Democrats back compromise aid package, Uber enforces mask rule for riders

Ella Castle

Photo (c) MCCAIG – Getty Images Coronavirus (COVID-19) tally as compiled by Johns Hopkins University. (Previous numbers in parentheses.) Total U.S. confirmed cases: 6,990,568 (6,941,248) Total U.S. deaths: 203,047 (202,170) Total global cases: 32,345,456 (31,944,038) Total global deaths: 984,590 (977,881) Democrats reportedly offering a compromise aid package Democrats in the […]


Coronavirus (COVID-19) tally as compiled by Johns Hopkins University. (Previous numbers in parentheses.)

Total U.S. confirmed cases: 6,990,568 (6,941,248)

Total U.S. deaths: 203,047 (202,170)

Total global cases: 32,345,456 (31,944,038)

Total global deaths: 984,590 (977,881)

Democrats reportedly offering a compromise aid package

Democrats in the House may be ready to offer a slimmed-down coronavirus (COVID-19) aid package in hopes of attracting enough Senate Republicans to pass it. Published reports say the package totals $2.4 trillion in spending.

Sources say it would include extra unemployment benefits, direct stimulus payments to Americans, another round of small-business loan funding, and aid to airlines.

At $2.4 trillion, it’s still a trillion dollars more than Republicans have been willing to spend. But pressure on both parties is growing after aid contained in the original CARES Act expired at the end of July. 

Uber will enforce mask rule for riders

Uber riders who hop in the car without wearing a mask will have to prove they’re wearing one before they take their next ride. The company previously installed a system to make sure drivers were wearing masks. It’s now making sure riders have one.

“If a driver reports to us that a rider wasn’t wearing a mask, the rider will be required to take a selfie with their face covered before they’re able to take another trip with Uber,” the company said in a blog post. “With the addition of this new feature, one driver’s feedback can help ensure the safety of Uber for the next driver.”

The mask verification feature will roll out to the U.S. and Canada by the end of September. It will take effect across Latin America and other countries after that.

Researchers say men have a higher death risk

Anecdotal evidence suggests that men are more likely to have more severe coronavirus symptoms than women. Now, new research suggests that they are also more likely to die from the virus.

The researchers at University Hospital Regensburg in Germany say men have a 62 percent higher risk of a COVID-19 associated death when compared to women. The scientists believe it may be due to higher levels of inflammation among male coronavirus patients.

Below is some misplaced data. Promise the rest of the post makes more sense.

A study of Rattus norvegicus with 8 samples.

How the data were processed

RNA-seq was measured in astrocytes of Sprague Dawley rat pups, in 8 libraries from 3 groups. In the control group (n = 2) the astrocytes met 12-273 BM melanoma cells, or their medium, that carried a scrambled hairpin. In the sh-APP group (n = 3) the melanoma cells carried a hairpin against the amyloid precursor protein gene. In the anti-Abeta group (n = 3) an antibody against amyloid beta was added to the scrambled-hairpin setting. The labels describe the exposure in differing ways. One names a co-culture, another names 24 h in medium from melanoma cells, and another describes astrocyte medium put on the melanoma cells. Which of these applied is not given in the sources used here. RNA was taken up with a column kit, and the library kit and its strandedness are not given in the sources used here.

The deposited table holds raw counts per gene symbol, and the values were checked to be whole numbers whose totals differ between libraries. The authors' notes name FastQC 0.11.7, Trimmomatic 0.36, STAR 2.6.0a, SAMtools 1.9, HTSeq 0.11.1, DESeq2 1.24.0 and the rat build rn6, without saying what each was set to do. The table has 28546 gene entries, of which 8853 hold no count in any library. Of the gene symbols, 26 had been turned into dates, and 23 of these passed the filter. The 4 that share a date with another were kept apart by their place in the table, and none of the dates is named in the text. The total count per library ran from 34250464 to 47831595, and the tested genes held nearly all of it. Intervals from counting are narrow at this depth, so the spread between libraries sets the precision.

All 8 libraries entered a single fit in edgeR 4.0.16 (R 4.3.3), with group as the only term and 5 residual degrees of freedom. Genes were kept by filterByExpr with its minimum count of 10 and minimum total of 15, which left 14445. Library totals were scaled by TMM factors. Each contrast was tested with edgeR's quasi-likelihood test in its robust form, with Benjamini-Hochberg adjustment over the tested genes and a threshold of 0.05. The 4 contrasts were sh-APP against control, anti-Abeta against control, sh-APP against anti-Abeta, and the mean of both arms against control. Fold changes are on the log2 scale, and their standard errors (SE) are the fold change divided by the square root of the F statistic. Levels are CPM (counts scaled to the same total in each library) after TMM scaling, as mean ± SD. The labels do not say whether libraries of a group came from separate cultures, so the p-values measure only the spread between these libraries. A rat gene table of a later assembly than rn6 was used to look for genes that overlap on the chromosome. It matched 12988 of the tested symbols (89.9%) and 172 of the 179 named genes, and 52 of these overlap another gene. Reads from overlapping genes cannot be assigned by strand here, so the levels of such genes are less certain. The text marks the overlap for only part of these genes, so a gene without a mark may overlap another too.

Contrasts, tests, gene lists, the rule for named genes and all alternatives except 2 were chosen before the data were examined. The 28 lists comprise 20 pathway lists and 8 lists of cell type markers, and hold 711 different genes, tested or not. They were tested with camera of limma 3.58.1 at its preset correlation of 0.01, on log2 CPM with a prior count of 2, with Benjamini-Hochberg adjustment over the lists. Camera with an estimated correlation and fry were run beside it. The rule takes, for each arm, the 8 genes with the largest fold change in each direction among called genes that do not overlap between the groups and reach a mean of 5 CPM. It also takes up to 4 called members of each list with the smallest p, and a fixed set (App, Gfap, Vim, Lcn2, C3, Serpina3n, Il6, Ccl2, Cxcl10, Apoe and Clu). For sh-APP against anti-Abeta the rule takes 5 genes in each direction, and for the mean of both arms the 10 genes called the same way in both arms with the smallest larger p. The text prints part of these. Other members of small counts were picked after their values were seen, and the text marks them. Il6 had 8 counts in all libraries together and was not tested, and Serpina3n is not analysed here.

The study also shows that men have more admissions to an intensive care unit (ICU) when admitted to a hospital than women. In all, male patients spent more time in the hospital than females due to the virus.

Severe cases linked to immune system weak spots

Why do some people shake off COVID-19 like it was a bad cold while others fight for their lives in the hospital? We know that underlying health issues can be a factor, and that may provide a clue to the larger picture.

Chronic illnesses like cancer can weaken the immune system, and it now seems clear that a strong immune system is needed to fight off the coronavirus. Two new analyses suggest that some life-threatening cases can be traced to weak spots in patients’ immune systems.

One analysis showed that at least 10 percent of patients with a severe form of the disease created “auto-antibodies” that attack the immune system instead of fighting the virus. Seeing these harmful antibodies in so many patients – 101 out of 987 – was “a stunning observation,” said Jean-Laurent Casanova, a medical researcher at The Rockefeller University.

Report shows increase in demand for travel insurance

The coronavirus has changed a lot of things about travel, but one thing that hasn’t changed is travel insurance. Travelers are still seeking it, and according to travel insurance comparison site Squaremouth, consumers are specifically looking for a policy that covers cancellation or medical coverage in the event that they come down with COVID-19 before or during their trip.

Cancellation protection remains a top priority, with 81 percent of policies purchased during the pandemic including trip cancellation benefits. Consumers are willing to pay more for it, with pricey “cancel for any reason” policies accounting for 22 percent of all policies, a 552 percent increase over last year.

Around the nation

  • Virginia: Gov. Ralph Northam and First Lady Pamala Northam have tested positive for the coronavirus, according to the governor’s office. At midweek, a member of the governor’s mansion staff was diagnosed after developing symptoms. 

  • Oregon: Clatsop County officials reported that dozens of workers at a seafood processing plant have tested positive for the coronavirus. The 77 affected employees are mostly members of the night shift.

  • Florida: Florida has struggled with spikes in coronavirus cases, but Gov. Ron DeSantis says restaurants will soon be allowed to operate at 100 percent capacity; they currently operate at 50 percent capacity. DeSantis said he doesn’t think closing restaurants has been particularly effective in controlling the coronavirus.